To understand the difference between an employee share scheme and an employee share option plan, one must first understand the difference between a share (or stock) and an option.

Many fast-growing companies are catching on to the concept of employee share schemes and other equity models as a tool to help them acquire and retain key staff while freeing up cash flow. But it’s not always simple to determine the best model for your business, as every scenario is different.  

A common question we get asked is whether it’s better to adopt an employee share scheme (ESS) or an employee stock ownership plan (ESOP), and what the difference is between the two. To understand the difference between an employee share scheme and an employee share option plan, one must first understand the difference between a share (or stock) and an option.

What are Shares?

A share, otherwise known as a stock, is a unit of ownership in a company, which provides the holder of that share rights to income and or capital of the company. Ordinary shares also carry proportional voting rights.

For example, Fuzzy Pty Ltd has issued 100 shares. 90 shares are owned by Bob and 10 shares are owned by Tim. The shares issued are ordinary shares. When Fuzzy Pty Ltd declares a dividend, Bob will receive 90% of the income as he holds 90% of the issued shares.  

At the annual general meeting (AGM) the shareholders must appoint a new CEO. As Bob is the majority shareholder, his can out-vote Tim on the decision to be made.

One thing to consider is that minority voting interests might be protected by a shareholders’ agreement. Companies adopt shareholders’ agreements for a number of reasons but mostly as a way to mitigate risks before they arise. BlueRock's commercial lawyers can assist with any questions you have about shareholders agreements, partnership agreements and term sheets.

What are Options?

An option is the right (but not the obligation) to buy a share(s) before a specified future date (vesting date) at a predetermined price (strike price).

When looking at the difference between employee share schemes and employee stock ownership plans, remember that a share is a fixed interest of ownership in a company whereas an option is a contract dealing in an underlying asset. For the purposes of this article, the underlying asset is a share in a company.  

If the owner of the options contract does not exercise this right, the contract will expire. Like shares, options can be traded.

Key Differences Between ESS and ESOP  

To keep it simple, employee share schemes, or ESS, allows employees to purchase or be awarded shares at a predetermined price. Employee stock ownership plans, or ESOP, allows employees to purchase or be awarded the right but not the obligation to purchase shares before a specified date at a predetermined price.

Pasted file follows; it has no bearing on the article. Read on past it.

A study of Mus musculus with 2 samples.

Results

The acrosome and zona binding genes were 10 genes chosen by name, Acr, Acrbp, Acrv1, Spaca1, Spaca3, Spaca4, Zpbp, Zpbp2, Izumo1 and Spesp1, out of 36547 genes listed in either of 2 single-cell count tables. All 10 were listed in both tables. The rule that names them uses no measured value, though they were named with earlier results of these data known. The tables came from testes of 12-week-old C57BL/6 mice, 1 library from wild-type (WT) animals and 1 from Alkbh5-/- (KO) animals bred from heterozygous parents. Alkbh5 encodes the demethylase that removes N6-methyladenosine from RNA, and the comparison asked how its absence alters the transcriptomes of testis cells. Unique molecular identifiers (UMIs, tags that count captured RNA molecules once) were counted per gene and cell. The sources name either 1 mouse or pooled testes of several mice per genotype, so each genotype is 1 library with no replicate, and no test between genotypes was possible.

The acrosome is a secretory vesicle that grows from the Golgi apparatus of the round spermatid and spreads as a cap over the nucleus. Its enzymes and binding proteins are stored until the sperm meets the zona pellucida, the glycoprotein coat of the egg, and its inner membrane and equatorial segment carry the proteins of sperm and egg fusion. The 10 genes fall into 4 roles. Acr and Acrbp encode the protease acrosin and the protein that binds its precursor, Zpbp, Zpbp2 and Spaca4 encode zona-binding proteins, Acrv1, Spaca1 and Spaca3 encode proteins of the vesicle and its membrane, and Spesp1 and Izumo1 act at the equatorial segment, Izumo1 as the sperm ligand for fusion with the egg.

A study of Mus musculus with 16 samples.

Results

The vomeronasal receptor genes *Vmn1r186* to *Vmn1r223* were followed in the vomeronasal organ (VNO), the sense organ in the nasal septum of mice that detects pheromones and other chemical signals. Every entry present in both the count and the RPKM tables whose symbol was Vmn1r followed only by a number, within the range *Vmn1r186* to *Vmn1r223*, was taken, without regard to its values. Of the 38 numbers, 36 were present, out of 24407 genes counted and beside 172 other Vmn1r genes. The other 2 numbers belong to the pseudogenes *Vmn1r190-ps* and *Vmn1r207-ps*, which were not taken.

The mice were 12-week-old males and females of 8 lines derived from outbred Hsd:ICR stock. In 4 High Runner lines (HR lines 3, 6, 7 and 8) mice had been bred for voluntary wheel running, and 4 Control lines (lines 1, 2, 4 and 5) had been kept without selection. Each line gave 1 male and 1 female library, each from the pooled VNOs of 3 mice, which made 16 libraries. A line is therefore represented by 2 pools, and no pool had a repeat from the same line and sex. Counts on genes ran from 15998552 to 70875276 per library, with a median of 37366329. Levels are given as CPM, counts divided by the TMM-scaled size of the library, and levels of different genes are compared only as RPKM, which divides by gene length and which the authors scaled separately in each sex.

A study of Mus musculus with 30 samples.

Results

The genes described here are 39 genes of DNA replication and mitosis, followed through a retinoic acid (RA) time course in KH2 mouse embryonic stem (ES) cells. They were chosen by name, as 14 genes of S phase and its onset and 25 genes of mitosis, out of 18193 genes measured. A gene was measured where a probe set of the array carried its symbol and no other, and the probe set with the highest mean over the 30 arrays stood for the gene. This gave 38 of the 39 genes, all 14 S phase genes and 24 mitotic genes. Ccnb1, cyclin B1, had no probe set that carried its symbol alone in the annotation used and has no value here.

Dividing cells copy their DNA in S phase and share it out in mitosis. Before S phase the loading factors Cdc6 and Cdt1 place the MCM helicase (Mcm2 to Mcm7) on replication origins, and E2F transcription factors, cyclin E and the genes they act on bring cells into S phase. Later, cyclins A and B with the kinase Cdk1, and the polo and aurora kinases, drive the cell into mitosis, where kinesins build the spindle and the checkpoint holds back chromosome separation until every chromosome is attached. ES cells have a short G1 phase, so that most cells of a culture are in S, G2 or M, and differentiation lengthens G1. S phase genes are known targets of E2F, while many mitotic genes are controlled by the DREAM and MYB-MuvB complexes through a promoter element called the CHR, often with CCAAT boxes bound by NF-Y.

There are a few other key considerations.

Timing of income and influence on employee share schemes

ESS participants can receive dividends as soon as they are declared whereas option holders need to wait until they convert their options to shares down the track.

ESS participants can vote at upcoming general meetings effective immediately.

Who can participate in an ESS or ESOP?

If start-up concessions are applied and the ESS interest is a share, in order to reduce the discount treated as assessable income to zero, the scheme must broadly be available to 75% of employees who have completed at least 3 years of service.

When applied to options, the scheme can be applied to any number of participants.

Freedom to read the market

When an ESOP is implemented by a business, at the time that the shares vest, there are a couple of ways it can play out. If the market price of shares is above the strike price of the options, the participant can make an immediate capital gain.

If the market price of shares has significantly dropped, the participant may choose not to exercise the options or, if available, buy the shares at a lower market price than the strike price.

Keen to Learn More about ESS or ESOP for Your Business?

It’s crucial to decide on a scheme the is appropriate for the current and future needs of your business and to structure your equity model in a way that effectively allows you to take advantage of the available tax concessions.  

For further advice about ESS and ESOP models for your business, please reach out to our accounting advisors who have great experience working with high-growth businesses to help them achieve their goals.